Duluth Trading Company, the quirky workwear brand that relies on cartoon he-men, is growing fast. The company says it intends to strengthen its direct-to-consumer channel with digital investments, even as it continues to expand its portfolio of brands.
The company just released sales for the holiday period, reaching $224.3 million, a jump of 6.4%. Retail sales rose 37.8%, to $79 million, while direct sales dropped 5.4%, to $145.3 million.
For the full year, the company reaffirmed that it expects sales in the range of $700 million to $715 million, with earnings in the $73 million to $75 million range.
In a presentation to investors, the company said it will intensify its focus on direct channels as its primary growth vehicle, with its 65 retail stores continuing as a critical piece of its omnichannel strategy.
While no new stores are planned for the year ahead, Duluth says it is in the midst of deeper research into where stores should be, what they should look like, and how they can fuel both on- and offline sales and service.
The presentation, prepared for this week's ICR Conference, also details brand expansion efforts.
Based in Mount Horeb, Wisconsin, the company sees itself as a growing lifestyle platform of digitally led brands, with "distinctive marketing made to break through the clutter and drive buying."
Its official mission, "celebrating the can-do spirit by enabling anyone who takes on life with their own two hands," puts Duluth in competition with such brands as Carhartt; Dickie's and Timberland (both owned by VF Corp.); and Wolverine.
And like those names, it hopes to continue workwear's long tradition of looking equally at home on rappers, hipsters and movie stars as it does on construction sites.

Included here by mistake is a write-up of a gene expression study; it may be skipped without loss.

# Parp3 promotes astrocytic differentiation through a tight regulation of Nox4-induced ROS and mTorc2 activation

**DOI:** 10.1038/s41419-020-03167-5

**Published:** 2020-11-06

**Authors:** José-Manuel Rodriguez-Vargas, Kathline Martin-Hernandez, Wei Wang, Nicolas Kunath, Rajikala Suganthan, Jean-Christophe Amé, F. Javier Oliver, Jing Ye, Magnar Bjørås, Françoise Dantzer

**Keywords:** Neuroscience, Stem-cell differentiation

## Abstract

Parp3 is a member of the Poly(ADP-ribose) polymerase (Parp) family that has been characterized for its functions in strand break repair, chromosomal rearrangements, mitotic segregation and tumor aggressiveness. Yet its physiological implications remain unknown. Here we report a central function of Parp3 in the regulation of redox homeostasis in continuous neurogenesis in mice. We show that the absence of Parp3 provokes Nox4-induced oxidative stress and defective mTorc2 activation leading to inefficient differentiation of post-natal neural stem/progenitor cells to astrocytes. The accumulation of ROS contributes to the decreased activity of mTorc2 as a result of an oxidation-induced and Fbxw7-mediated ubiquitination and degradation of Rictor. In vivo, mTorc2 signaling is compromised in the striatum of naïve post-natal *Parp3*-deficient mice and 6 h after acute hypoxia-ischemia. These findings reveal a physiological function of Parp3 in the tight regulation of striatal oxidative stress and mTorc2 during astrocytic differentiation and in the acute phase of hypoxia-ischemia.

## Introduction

Jonathan Komp, an analyst who follows the company for Baird, believes there is plenty of room to grow. In his note on the company's results, he writes there are "significant opportunities to evolve its brand architecture to target distinct customers with different end uses."
Upcoming launches include "Duluth by Duluth Trading," a dual-gender brand, with marketing that uses real people for the first time, "while maintaining a humorous edge," he writes.
The company plans to reposition its Alaskan Hardgear line as AKHG by Duluth Trading Company, targeting both men and women outdoor consumers. That's set to debut this spring.
And in a nod to people's love for its underwear, the company says it's planning a launch of First Layer Brand by Duluth Trading. "This will allow us to elevate our underwear assortment and intensify our focus on a high-value growth category," company execs say. "We will focus on growing key categories such as underwear, undershirts, under layers, pajamas, and loungewear."
Despite its supply-chain struggles, a near-constant challenge for apparel companies, Komp believes Duluth is on track to top $1 billion in sales by 2025.
Komp, who currently rates the stock as an "Outperform," also sees potential for distribution options. For example, the company has been testing the sale of Buck Naked underwear in roughly 100 Tractor Supply stores.